How to Make a Resumé (Wisdom from a Teen)

How to Make a Resumé (Wisdom from a Teen)

How to Make a Resumé (Wisdom from a Teen)

Before beginning, it’s best to choose a template you feel would work for you. Most online writing programs (and yes, you should most certainly create your resume electronically) will offer templates. If you can’t find one you like, there are more options online if you search “Free resumé templates” that you can download for free.

For example, in Google Drive, click “New” to open a new document, there should be an arrow next to the “Google Docs” option that will give you a drop down from which you will select “from a template”. You will then see a template gallery separated by sections and can browse the resumé specific section until you find one you like.   

Make a list of each thing your template lists. It should include education and work experience, but the rest may vary based on what skills you feel would be beneficial to show off and how much experience you actually have. For reference, I made my last resumé as a high school student so mine consisted of education, work experience, volunteer experience, and additional skills. This is because I had only ever had one job but a decent amount of reputable volunteer opportunities that were practically jobs without pay.

It’s beneficial to include activities in which you had to use specific skills, especially if they are relevant to the job you’re applying for. Hiring managers are looking for people with experience in time management, responsibility, communication, organization, leadership, etc. Do your best to show them that you have the skills they are looking for.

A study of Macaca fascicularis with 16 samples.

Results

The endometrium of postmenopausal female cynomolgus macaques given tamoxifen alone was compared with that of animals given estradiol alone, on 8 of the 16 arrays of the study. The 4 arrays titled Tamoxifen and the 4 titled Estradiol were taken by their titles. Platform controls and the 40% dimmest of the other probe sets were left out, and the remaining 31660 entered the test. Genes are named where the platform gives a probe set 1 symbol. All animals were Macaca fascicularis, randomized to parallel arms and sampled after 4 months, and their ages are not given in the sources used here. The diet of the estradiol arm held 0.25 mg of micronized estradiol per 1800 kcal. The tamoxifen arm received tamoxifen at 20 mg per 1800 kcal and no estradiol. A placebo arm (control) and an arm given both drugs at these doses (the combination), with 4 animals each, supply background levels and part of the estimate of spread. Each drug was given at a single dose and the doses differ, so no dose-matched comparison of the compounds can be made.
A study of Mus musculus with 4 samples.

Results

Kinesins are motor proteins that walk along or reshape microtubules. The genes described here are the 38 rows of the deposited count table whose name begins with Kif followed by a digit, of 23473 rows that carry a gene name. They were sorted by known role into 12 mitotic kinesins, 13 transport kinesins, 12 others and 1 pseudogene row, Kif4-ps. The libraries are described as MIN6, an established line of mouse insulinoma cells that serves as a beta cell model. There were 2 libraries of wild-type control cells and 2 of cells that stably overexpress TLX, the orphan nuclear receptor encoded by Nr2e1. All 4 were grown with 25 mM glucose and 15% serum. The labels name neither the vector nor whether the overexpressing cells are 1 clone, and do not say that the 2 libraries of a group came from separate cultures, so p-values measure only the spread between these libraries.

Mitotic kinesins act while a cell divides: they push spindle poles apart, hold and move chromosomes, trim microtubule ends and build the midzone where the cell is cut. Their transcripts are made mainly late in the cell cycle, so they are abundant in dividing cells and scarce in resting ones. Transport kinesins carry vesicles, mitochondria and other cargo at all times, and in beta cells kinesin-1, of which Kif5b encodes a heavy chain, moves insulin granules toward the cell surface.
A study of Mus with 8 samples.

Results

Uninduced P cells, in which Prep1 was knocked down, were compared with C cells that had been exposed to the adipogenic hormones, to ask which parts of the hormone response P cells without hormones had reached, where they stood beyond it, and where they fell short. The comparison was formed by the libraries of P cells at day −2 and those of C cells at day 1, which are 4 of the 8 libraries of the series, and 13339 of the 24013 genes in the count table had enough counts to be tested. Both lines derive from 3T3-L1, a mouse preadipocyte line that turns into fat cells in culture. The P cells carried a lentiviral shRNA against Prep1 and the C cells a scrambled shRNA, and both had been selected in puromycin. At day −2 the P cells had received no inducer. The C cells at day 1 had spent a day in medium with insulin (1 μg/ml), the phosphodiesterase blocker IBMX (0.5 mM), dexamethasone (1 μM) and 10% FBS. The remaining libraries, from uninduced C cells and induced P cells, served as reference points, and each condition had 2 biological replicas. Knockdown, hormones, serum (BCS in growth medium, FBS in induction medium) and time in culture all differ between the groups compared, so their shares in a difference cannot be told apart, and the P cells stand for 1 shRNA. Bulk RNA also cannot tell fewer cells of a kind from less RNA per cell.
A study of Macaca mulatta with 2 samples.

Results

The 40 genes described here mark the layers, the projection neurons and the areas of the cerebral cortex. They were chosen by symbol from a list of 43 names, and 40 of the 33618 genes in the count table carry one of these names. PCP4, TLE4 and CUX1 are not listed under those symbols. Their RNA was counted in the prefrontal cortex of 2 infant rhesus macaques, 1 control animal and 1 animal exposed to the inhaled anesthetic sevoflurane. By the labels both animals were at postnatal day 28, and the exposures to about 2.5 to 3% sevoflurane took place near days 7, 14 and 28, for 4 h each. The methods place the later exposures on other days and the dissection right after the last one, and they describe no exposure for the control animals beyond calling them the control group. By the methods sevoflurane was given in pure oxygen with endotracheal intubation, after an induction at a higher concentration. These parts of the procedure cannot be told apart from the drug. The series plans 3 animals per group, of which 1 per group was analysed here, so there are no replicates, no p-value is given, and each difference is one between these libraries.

You’ll learn quickly to begin tracking when you began and ended employment at each job. This will come in handy when adding details to your work experience, such as position title and start date of employment/end date of employment. The dates do not need to be specific to the day, but try to include the month and year.

Make sure to include your contact information such as your full name, address, phone number, and email. This gives hiring managers the most access possible to get back to you about interviews or openings they might have.

Look into some websites for tips on how to make your resumé professional and polished. Below is a website I found that was succinct but also helpful: The Balance Careers:

Work from examples if you’re not quite sure what your resumé is supposed to look like. A simple online search for “Resumé examples” should do the trick. Here is a website I found that will even break it down into specific job fields for you as well: Resumé Genius:

Also, don’t forget to include a cover letter specific to each job you apply for if asked for!

Want other resume tips? Check out You Need a Resume.